Bright by Text has suspended license fees for community-serving organizations that seek to support families during the COVID-19 crisis.
Bright by Text aggregates content from health and early childhood experts to deliver trusted resources and guidance to parents and caregivers who are overwhelmed with the volume of new services being pushed out as a result of this crisis. We are working with PBS and Sesame Street who have developed messaging to help families talk to their children about the coronavirus, sustain education from home, and cope collectively with our adaptive lifestyle. Our content partners at CDC and AAP have created web pages to help pregnant mothers and expecting families know how to prepare and what to expect at the hospital. Bright by Text has partnered with community organizations and school systems across the country to publicize timely support resources such as the locations, hours and protocol for families to get school lunches while kids are home. Bright by Text partners with Aunt Bertha and United Way 211 centers to offer community messages with the latest information and resources for families. Our subscribers input their zip code upon signing up so they can receive these targeted community messages connecting them to nearby services and updates in their area.
Bright by Text is uniquely positioned to offer an educational curriculum via text message to motivate learning and creativity from home, healthy habits, physical activities and more. We have developed a unique community messaging service for our partners across the country that can send relevant information to families in specific zip codes. One example of these messages is, “Diapers and Food pantries serving the Community March 23rd-31st. Leander, Austin, Cedar Park, and Round Rock. Locations and times:” with a link to said pick up spots and schedules. This message was sent to 2,200 families and received a click-through rate of 30% meaning that almost one third of families wanted to learn more. As new content becomes available every day, we are developing new partnerships to share valuable resources with a wider audience. Bright by Text has almost 80,000 families enrolled from all 50 states, so we can act as a communications channel for these resource providers.
In what ways did you change your behaviors as a result of this resource?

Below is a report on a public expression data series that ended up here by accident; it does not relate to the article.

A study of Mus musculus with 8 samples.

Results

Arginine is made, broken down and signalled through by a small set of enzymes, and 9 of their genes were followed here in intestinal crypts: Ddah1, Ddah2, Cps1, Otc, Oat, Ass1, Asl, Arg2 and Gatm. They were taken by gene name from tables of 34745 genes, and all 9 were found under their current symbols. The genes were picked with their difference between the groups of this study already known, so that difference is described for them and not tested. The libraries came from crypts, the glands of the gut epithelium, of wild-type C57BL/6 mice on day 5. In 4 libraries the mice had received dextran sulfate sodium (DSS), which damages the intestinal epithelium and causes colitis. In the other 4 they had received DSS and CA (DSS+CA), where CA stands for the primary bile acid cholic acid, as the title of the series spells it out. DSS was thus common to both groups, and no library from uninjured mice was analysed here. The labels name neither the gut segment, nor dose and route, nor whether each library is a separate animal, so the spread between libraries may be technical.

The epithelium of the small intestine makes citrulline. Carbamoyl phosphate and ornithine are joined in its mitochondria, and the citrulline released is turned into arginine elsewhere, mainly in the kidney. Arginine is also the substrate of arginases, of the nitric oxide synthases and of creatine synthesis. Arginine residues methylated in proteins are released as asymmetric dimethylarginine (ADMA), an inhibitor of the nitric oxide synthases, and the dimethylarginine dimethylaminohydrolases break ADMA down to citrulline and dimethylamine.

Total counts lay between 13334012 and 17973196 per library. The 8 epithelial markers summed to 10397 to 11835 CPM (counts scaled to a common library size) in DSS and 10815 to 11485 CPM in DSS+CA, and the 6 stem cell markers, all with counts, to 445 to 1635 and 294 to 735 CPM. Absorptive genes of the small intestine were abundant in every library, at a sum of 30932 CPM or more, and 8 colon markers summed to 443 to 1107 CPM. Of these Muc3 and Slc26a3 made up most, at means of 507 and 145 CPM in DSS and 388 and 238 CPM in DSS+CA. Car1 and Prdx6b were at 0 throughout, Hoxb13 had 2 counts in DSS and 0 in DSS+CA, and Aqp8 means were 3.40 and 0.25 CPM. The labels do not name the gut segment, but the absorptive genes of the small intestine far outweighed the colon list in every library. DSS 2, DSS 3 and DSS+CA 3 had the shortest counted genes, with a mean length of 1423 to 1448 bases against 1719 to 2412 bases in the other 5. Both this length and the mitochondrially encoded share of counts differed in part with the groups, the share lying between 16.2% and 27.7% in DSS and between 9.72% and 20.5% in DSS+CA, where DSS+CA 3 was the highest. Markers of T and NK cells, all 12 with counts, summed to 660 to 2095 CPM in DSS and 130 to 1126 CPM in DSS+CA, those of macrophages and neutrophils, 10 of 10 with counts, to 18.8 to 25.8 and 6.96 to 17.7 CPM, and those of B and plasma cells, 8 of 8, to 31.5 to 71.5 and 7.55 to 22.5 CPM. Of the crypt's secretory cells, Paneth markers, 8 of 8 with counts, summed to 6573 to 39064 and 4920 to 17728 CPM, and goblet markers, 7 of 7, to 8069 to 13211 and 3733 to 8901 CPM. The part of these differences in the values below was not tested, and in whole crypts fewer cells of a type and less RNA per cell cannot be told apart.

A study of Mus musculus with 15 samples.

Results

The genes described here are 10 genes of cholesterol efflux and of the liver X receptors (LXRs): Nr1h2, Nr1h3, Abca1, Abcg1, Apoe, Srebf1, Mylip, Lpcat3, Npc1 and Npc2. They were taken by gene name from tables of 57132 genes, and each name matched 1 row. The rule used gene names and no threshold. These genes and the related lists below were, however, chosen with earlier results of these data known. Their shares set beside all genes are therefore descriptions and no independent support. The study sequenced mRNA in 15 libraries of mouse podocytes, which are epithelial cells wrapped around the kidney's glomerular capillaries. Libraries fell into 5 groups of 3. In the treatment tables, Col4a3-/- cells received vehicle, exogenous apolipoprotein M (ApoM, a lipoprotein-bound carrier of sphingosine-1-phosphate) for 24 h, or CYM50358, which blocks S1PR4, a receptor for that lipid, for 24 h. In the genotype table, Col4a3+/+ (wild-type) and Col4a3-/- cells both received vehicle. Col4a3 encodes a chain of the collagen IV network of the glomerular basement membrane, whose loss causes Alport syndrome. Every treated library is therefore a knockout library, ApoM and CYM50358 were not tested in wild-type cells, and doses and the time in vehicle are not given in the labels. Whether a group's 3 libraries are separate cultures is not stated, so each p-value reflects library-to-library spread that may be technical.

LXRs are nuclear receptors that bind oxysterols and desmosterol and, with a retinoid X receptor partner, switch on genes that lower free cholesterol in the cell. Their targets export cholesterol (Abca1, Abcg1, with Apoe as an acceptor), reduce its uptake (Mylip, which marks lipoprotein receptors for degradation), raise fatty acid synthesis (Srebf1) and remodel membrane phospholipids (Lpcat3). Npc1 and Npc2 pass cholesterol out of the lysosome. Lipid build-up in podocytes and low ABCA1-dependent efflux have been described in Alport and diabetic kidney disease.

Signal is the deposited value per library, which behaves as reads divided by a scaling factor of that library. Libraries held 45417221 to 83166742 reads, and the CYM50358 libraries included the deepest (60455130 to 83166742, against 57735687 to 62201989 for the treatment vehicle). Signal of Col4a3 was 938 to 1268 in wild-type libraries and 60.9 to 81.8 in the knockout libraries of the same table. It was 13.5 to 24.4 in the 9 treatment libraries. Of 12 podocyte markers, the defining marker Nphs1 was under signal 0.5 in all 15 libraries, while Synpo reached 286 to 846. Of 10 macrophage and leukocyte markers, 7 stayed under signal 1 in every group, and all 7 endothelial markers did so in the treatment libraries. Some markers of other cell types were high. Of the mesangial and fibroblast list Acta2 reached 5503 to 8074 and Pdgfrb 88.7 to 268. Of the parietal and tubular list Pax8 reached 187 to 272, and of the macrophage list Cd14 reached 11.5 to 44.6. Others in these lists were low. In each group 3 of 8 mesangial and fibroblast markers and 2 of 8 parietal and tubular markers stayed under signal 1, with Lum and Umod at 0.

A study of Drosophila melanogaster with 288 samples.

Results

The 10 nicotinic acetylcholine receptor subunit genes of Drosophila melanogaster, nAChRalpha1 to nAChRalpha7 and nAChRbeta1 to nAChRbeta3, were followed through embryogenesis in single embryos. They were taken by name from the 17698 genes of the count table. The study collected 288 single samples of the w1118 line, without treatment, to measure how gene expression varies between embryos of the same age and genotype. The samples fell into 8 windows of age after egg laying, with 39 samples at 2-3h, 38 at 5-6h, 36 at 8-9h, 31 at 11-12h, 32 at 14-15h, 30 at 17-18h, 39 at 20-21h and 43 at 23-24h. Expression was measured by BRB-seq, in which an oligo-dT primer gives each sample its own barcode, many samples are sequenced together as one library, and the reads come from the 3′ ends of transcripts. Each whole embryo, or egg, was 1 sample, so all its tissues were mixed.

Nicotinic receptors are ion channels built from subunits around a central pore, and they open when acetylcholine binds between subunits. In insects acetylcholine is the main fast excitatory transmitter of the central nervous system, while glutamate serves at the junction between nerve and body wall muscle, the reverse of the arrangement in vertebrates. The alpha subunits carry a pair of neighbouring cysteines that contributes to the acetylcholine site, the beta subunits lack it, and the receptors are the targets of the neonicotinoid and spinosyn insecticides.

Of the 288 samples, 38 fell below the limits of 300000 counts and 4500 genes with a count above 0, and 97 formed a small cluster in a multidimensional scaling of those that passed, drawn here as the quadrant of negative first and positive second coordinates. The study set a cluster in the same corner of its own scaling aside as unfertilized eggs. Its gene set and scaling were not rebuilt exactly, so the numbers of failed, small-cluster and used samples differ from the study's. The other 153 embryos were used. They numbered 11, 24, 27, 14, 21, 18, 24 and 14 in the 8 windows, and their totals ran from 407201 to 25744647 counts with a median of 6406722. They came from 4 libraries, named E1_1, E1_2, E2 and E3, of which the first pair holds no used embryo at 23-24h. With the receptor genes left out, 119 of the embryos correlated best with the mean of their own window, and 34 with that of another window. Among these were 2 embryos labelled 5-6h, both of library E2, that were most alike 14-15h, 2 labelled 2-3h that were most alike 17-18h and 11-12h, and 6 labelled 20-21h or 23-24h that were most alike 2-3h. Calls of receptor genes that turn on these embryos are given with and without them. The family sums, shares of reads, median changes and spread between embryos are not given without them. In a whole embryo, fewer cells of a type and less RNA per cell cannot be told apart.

Our model is to curate aggregated content from early childhood experts, so our existing relationships with CDC, PBS and Sesame Street were catalysts to begin sharing their information to our subscribers to make sure they feel informed and prepared. Rather than continuing to distribute our core curriculum of 2-4 messages per week, we made room in our message library to accommodate the most relevant information and latest resources pertaining to the COVID-19 pandemic. Due to shelter-in-place orders, we have suspended all messages regarding playdates and public outings to ensure that our messaging meets the guidelines of the CDC and WHO.
In what ways did you share this information?
We are most focused on helping families navigate the additional stress of this difficult time and keep their child engaged and learning during school and daycare closures. We have over 50 partners across the country who distribute customized messages for individual communities by targeting specific counties and zip codes. With this tool, we can ensure that families feel connected with their communities and supported with the right resources and latest information during the COVID-19 crisis.
What information do you feel you are missing about COVID-19?
One of the biggest issues facing families right now are a lack of equity when considering digital education and home learning. As children are asked to join Zoom classrooms, many at-risk families don’t own a computer or need their only computer to do work of their own. Our relationship with PBS and other online education providers allows us to send their expert resources via text message so parents and caregivers can access information on their cell phones.
What populations or personas are not currently being addressed with today’s COVID-19 information?
Pew Research’s studies tell us that smartphone use continues to grow in the US and is increasingly capable of reaching low-income populations and rural areas. 1 in 5 American adults are “smartphone-only” internet users and low-income families are the most smartphone dependent. Creating content that caregivers can access with their children will prompt two-generational learning about COVID-19 and ways in which families can navigate their changing lifestyle.